Booking an airline ticket online for the holidays? Read this first

stockholmHere’s a cautionary tale for anyone buying an airline ticket for the holidays, and a little advice: Pay attention your bank account balance. And be patient.

Kelly Lukanen, can I hear an “amen”?


When I clicked the purchase button, my purchase did not go all the way through and I received a note to contact the airline directly.

I had never had this happen before. In any event, I proceeded and went to NWA.com and found a similar airfare and booked through them directly. Shortly after, I went to look at my bank account statement, and much to my surprise both transactions were listed as pending.

The Orbitz.com charge put me into the negative and I am currently at a negative balance.

Because I certainly cannot wait one to three days to have money in my possession, I called the bank to resolve this as soon as possible. I was told that they cannot help me and that the charge should drop off in one to three business days, but until then I do not have any funds available to me.

Here’s the thing: If Orbitz said the transaction didn’t go through, then it shouldn’t have gone through. But I’ve spoken with enough experts on reservations systems to know that’s not always how it works. Some systems continue to try to run the purchase even after kicking back a denial. Which is apparently what happened to Lukanen.

I was told that once the charge is dropped off, I will have to contact the bank directly to dispute any overdraft charges (unnecessary time to be spent by me). They stated the merchant can call directly to state the charge is not a valid charge. Wells Fargo provided me with their Merchant Assistance Authorization Removal number of 1.866.477.5518.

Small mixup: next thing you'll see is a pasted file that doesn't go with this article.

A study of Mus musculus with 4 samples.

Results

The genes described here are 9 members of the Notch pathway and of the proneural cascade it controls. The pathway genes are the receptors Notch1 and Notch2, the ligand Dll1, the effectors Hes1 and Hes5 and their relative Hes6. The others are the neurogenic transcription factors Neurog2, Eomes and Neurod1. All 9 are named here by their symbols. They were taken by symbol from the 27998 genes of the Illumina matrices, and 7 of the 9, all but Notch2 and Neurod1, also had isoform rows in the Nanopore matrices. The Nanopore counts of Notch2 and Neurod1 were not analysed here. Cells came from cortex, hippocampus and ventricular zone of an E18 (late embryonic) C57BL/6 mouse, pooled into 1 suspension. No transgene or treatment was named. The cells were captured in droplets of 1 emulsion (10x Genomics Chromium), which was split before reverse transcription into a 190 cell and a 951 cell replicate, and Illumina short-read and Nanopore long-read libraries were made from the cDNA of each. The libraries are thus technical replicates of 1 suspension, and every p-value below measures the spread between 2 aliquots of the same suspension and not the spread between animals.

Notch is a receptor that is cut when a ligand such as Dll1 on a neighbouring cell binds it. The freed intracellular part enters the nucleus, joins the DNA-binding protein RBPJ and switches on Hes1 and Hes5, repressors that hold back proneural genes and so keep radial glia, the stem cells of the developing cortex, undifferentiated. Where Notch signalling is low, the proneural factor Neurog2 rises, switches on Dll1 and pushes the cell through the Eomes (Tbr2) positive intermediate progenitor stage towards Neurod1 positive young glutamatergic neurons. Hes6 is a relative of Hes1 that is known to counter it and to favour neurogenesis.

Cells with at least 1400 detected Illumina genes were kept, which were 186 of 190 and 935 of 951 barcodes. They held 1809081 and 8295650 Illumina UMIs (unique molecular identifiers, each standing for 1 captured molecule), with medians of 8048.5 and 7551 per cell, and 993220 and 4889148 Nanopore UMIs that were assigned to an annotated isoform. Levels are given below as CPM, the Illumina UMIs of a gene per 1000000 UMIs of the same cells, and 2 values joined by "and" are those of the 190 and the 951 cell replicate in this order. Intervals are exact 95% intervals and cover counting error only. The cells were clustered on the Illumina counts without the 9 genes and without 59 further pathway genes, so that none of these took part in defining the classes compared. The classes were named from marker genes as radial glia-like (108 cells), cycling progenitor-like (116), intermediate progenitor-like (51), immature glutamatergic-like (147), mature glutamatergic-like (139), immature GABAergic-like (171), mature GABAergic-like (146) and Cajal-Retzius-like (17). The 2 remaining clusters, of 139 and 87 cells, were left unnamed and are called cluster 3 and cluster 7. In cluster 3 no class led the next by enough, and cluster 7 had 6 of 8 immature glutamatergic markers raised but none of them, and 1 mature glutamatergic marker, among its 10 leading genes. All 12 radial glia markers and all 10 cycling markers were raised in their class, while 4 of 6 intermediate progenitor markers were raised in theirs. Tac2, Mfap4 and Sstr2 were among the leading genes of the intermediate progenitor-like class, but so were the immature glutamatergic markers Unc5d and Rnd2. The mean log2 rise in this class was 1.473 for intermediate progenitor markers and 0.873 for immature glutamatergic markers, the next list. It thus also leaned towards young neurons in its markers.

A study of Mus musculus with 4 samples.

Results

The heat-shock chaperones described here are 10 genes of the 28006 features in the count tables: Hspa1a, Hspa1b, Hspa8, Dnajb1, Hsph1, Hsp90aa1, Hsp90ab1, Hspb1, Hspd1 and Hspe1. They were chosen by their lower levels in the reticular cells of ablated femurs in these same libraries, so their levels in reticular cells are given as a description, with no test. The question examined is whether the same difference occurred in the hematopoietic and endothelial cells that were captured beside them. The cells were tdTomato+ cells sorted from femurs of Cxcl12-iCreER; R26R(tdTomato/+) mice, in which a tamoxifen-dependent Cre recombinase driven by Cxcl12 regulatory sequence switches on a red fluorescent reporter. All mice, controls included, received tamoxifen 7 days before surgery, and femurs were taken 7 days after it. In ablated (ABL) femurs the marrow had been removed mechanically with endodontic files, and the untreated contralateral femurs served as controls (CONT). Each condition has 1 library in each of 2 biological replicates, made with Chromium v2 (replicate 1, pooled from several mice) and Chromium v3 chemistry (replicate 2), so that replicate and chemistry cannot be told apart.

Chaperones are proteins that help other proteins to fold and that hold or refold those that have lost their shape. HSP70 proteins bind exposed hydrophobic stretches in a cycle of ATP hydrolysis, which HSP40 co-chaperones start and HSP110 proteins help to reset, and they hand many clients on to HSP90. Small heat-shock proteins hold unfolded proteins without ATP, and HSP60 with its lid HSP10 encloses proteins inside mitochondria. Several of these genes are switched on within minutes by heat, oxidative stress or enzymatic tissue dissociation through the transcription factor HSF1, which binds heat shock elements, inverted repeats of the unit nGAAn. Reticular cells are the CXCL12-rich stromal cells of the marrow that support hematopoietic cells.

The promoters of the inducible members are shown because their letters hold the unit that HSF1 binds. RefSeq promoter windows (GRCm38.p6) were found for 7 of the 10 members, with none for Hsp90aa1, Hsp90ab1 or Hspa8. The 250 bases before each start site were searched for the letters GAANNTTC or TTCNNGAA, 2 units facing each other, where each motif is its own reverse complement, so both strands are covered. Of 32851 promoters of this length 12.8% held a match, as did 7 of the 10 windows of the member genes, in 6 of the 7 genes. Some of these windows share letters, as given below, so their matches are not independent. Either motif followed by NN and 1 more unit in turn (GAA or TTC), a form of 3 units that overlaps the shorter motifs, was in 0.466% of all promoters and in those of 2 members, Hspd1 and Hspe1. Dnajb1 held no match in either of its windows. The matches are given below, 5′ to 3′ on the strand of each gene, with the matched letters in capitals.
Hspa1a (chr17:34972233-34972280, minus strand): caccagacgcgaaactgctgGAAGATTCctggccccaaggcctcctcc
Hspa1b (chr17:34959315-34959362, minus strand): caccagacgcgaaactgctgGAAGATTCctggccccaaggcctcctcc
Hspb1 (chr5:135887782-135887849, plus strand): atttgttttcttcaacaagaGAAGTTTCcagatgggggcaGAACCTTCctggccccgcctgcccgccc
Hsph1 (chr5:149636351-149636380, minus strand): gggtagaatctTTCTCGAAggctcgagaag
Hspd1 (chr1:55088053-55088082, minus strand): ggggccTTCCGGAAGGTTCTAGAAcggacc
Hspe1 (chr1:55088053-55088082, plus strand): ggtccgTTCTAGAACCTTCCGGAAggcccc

I called Orbitz and it took me several pushes of a button to finally receive a live operator. Once I finally received the operator, it was a man by the name of Rahid who answered the phone and did not have any interest in servicing the customer. What good is Customer Service if you cannot service the customer?

The gentleman took my credit card number down, and told me it was not a final charge and there was nothing he could do. I told him I understood it was not a final charge, but that it was pending and therefore putting my account into the negative.

He proceeded to tell me to call the bank, and there was nothing he could do.

Look at me. My eyes are rolling.

I asked to be transferred to corporate headquarters because the language barrier seemed to be a problem. This was not able to happen. The supervisor, however, did make an attempt at assisting me, but nearly two hours later, and me diligently trying to work through this and get my bank account back into a positive balance, I still do not have anything resolved and a negative bank balance.

I contacted Orbitz on Lukanen’s behalf, and a representative called her right away and ensured the first transaction was credited back to her.

But could this have been avoided?

I think so. The trick is to make sure you don’t use a debit card that’s near the credit limit, as Lukanen apparently did. That’ll ensure an accidental double-billing — they do happen — won’t put you in your bank’s bad graces.

She could have also waited a few hours before buying a ticket through NWA.com, just to be on the safe side.

I’m reluctant to blame Orbitz for this problem. Could it have managed Lukanen’s grievance better? Sure. But could it have prevented the double-billing? I’m not so sure. From what I can tell, this was one of those reservation system redundancy issues that just couldn’t have been predicted.

So, to all of you holiday travelers, here’s the takeaway from Lukanen’s cautionary tale: Mind your card and don’t be in such a rush to buy your ticket online when a transaction doesn’t go through.

(Photo: Claudio.Ar/Flickr Creative Commons)

Update: I’ve revised this post to reflect that Lukanen was apparently using a debit card, not a credit card. So to those of you confused by the initial comments, that’s why.